No protests allowed at IFFI

By Ashwin Tombat
19 November 2017 12:02 IST

Three days before the International Film Festival of India (IFFI) begins in Panaji, the state government has imposed restrictions on all forms of protest in Panaji. Two areas far away from the scene of action — Campal Parade Ground and Azad Maidan — have been notified as venues for protests by North Goa Collector and District Magistrate Nila Mohanan.

The official reason is the possibility of "disrupting normal traffic... causing inconvenience to the public, besides... possible risk of breach of peace, and law and order problems". But the real reason is the dropping of two films from the festival. 

The Union Information and Broadcasting Ministry headed by Smriti Irani decided to drop opening film 'Nude' and 'Sexy Durga' (retitled as 'S Durga') from this year's IFFI. The official reasons are that Nude was "incomplete" and lacked a censor certificate, while S Durga could cause "law and order problems". 

But most people believe the real reason is that the names of the films were not 'Sanskari' enough for the I&B minister.

The content of the films is unexceptional. National Award-winning director Ravi Jadhav’s Marathi film Nude is the story of a young woman who works as a nude model. Sanal Kumar Sasidharan’s Sexy Durga (later changed during the censorship process to S Durga)  which was screened at the Mumbai Film Festival, MAMI, is a dark social commentary.

There is no reason whatsoever for objecting to the name Nude. Durga is the name of a Hindu Goddess, but it's also a common name for people. The word 'sexy' has been part of Hindi film dialogue and even songs. This extreme sensitivity is not a good thing.  

The decision to drop the films was made without consulting the 13-member jury. Jury chairman Sujoy Ghosh and members Apurva Asrani  and Gyan Correa have since resigned.

Leading members of the Marathi film industry have since discussed a boycott of this year's IFFI and a protest against this decision at the festival. The first is unlikely to happen, as film makers have too much at stake. The second has now been made impossible by the above order.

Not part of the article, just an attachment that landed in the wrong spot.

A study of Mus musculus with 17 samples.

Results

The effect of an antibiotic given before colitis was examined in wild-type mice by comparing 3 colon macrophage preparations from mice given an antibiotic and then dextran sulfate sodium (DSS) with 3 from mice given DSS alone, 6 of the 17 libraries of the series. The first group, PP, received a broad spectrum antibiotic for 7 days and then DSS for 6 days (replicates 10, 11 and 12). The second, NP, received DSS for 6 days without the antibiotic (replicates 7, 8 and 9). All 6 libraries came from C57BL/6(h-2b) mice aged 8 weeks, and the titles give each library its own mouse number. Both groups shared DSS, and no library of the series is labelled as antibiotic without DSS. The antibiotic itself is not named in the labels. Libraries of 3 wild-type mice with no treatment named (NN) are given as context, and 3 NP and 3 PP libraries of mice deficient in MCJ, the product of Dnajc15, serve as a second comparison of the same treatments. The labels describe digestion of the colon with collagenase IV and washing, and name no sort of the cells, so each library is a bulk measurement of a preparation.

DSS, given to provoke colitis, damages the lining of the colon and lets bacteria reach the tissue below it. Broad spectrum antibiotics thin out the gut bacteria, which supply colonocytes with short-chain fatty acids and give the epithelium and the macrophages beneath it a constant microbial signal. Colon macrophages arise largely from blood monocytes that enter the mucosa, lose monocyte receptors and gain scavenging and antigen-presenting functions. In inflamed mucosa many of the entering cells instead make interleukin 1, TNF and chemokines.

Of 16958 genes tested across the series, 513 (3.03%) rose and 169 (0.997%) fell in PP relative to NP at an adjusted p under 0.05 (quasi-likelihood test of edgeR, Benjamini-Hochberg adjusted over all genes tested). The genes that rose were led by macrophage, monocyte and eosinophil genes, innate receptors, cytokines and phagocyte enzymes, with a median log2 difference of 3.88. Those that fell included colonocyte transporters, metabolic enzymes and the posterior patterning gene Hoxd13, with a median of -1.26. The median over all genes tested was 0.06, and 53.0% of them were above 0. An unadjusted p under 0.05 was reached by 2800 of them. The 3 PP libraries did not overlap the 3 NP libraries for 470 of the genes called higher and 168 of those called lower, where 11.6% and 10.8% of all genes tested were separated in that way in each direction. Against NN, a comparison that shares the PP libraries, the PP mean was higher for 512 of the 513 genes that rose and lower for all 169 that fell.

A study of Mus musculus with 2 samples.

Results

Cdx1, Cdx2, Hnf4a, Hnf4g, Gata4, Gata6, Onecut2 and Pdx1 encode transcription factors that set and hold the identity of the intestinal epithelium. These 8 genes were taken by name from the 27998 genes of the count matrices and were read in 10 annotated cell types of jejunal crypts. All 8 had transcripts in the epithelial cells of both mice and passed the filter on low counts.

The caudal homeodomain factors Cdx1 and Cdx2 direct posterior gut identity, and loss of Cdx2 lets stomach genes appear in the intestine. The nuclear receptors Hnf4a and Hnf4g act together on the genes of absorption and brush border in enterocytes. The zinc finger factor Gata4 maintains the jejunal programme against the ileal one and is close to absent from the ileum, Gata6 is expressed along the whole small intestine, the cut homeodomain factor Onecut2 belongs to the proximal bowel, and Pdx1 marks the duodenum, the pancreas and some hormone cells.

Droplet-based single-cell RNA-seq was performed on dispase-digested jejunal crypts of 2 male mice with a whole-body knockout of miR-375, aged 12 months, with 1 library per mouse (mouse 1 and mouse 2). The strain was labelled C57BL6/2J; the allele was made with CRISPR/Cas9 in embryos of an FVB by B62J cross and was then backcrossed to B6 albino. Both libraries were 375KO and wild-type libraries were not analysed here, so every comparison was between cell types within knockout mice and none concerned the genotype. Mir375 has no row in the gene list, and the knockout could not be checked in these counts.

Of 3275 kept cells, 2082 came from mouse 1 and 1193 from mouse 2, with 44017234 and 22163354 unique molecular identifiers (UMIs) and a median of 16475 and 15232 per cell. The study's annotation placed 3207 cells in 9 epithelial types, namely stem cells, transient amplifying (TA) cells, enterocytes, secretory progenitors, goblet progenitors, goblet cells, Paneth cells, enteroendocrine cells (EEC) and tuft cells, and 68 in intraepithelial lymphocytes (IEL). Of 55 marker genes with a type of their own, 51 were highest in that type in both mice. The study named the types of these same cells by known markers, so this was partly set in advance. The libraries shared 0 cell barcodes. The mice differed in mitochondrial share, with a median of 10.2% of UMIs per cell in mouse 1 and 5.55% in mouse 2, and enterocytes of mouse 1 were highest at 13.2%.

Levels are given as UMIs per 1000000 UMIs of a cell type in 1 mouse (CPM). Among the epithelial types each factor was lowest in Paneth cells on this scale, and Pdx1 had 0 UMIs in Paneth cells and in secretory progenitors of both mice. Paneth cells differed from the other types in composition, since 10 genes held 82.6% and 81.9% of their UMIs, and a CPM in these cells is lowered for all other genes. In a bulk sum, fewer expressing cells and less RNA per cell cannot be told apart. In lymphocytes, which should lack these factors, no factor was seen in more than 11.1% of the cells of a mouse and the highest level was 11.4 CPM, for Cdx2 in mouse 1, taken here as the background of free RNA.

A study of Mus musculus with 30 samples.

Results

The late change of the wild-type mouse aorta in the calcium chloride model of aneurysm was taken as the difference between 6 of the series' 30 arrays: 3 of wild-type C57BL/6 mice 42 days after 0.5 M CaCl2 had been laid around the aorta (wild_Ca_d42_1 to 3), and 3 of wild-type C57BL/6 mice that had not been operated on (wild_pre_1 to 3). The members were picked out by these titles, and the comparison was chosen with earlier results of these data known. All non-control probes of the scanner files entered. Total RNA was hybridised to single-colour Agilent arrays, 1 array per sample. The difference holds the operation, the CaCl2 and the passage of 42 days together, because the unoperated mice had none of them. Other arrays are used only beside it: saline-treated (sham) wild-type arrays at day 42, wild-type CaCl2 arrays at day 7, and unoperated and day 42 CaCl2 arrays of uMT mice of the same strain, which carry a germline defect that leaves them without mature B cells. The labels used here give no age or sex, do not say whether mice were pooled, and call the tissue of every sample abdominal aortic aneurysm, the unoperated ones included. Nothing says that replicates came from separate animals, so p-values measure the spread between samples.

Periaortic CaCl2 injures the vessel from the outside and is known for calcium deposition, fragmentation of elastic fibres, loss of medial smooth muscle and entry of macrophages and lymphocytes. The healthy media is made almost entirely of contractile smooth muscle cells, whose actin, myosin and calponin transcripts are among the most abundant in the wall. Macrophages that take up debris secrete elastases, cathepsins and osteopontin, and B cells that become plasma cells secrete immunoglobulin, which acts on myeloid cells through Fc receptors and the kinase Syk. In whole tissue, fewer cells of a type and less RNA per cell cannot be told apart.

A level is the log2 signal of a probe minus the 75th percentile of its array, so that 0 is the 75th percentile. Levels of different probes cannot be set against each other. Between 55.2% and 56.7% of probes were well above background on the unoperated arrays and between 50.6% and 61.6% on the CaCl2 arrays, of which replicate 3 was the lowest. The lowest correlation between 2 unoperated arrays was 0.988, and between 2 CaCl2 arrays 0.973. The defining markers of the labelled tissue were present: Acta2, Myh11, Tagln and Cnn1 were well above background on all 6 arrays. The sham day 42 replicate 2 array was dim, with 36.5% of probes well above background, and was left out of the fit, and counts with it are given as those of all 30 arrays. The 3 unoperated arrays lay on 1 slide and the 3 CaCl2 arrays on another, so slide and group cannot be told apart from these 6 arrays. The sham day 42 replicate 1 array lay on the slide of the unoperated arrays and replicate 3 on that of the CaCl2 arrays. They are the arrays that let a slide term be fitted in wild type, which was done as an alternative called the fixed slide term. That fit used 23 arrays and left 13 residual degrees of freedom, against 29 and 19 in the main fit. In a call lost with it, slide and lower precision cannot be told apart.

The highly creative protests by students of the Film and Television Institute of India (FTII) in 2015 are probably fresh in Chief Minister Manohar Parrikar's mind. The students were on strike, outraged at the appointment of 'B' grade film actor and producer Gajendra Chauhan as chairperson of their institute.

Normally, FTII students are given passes, travel allowance and accommodation to attend IFFI. That year, they were denied this privilege. Those that paid for delegate status and arrived in Goa at their own expense were illegally denied entry to IFFI, for fear that they may engineer a protest. Finally, the FTII students organised a tiny 'parallel film festival' in Panaji and staged a series of highly creative protests outside the venue. The protests were peaceful, fun to watch, and their principal objective was to make people aware of the reasons they were on strike.

But this time, even those kinds of protests will not be allowed.

On Thursday, at a Press Day function, Chief Minister Manohar Parrikar asked mediapersons to separate fact from opinion while writing news stories. “News should be news and cannot be views. If you want to give views, you can present it as an analysis. But if something has not happened and someone prints it as if it has happened, I think that is the biggest disservice,” he said.

Mr Parrikar also said he had a track record of never having harassed journalists, even those who have had serious disagreements with him previously. He is right on both counts.

While he may legitimately claim tolerance about the media, regrettably, his government is showing an increasing intolerance of protests. Protest is basically a legitimate form of freedom of expression, the very same fundamental right that the media operates under.

Disclaimer: Views expressed above are the author's own.

Blogger's Profile

Ashwin Tombat

Ashwin Tombat has been the Editor of Gomantak Times and Herald. Worked as an Associate Editor of national magazine Gentleman in Mumbai, before shifting to Goa. Loves sailing, also participates in Marathons. Has worked as an activist in students's union and trade unions in Maharashtra. Also an artist of Street Theatre during student days.